One of the UK’s largest digital pilot schemes to help older and vulnerable people get online has been hailed a success, after it helped more than 400 people to access free WiFi.

Orbit Group has invested in a project to install free WiFi through 20 of its sheltered and supported schemes across the country to help its customers get online.

Working in partnership with CommunityUK , the project has seen 434 registered users log on to the service more than 21,000 times in the first six months. Initial customer feedback has shown that the initiative has positive impacts on social isolation, employability and wellbeing.

Following the success of the pilot, Orbit is now continuing to work with CommunityUK to extend the service into more schemes and is developing a whole-organisation approach to commissioning internet access services to support long-term planning and to reach many more customers.

After the six-month pilot, social return on investment analysis suggests that the project has generated £2.90 of social value for every £1 spent.

Tim Dumbleton, Digital Inclusion Project Manager for Orbit Group, said: “We are committed to helping more of our customers online and it is through partnerships like this that we can make significant steps to tackling digital exclusion.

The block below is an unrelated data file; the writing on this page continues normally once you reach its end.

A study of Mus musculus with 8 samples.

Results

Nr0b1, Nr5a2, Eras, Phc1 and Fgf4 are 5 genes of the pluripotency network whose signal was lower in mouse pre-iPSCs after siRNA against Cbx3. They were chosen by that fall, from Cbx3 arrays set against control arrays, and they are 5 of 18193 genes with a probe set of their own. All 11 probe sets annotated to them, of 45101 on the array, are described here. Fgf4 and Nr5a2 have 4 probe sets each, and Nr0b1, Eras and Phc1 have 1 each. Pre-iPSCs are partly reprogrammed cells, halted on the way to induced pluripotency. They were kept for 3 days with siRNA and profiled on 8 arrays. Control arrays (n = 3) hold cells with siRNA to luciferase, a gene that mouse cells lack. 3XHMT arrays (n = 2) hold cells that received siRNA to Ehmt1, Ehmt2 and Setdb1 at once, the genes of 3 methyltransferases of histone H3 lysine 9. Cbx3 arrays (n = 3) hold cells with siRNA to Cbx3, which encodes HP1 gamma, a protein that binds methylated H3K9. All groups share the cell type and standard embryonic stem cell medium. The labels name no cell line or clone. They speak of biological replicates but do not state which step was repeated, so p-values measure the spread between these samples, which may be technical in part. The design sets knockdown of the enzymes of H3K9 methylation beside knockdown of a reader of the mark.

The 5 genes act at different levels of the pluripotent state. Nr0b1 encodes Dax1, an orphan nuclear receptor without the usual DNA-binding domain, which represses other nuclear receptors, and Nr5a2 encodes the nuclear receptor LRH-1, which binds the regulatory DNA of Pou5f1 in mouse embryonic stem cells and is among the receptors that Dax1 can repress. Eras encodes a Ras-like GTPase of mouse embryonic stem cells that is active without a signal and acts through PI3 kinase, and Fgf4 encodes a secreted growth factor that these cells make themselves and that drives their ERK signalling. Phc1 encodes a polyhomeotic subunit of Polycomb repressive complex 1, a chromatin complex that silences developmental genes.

“As part of our 2020 Vision we are committed to investing in our communities. As well as projects like this we are also working with other housing providers, as part of the Connected Housing Initiative, to explore opportunities to work collaboratively to make broadband provision affordable, accessible and sustainable for customers.”

 

Sixty-five-year-old Bill Lilley, from Alcester, took part in the pilot. He said:  “I’m a late starter where computers are concerned. About seven years ago, I was doing some studying at college and a lot of the work was computerised so I had to learn the basics to do the work. That’s when I realised that computers are amazing things - you can more or less do anything on a computer.

“I’ve friends who don’t have emails and I think it’s sad that older people don’t use computers much. I’m sure grandchildren, and great grandchildren, would love to receive an email, tweet or a post from their gran. That’s how youngsters communicate nowadays.”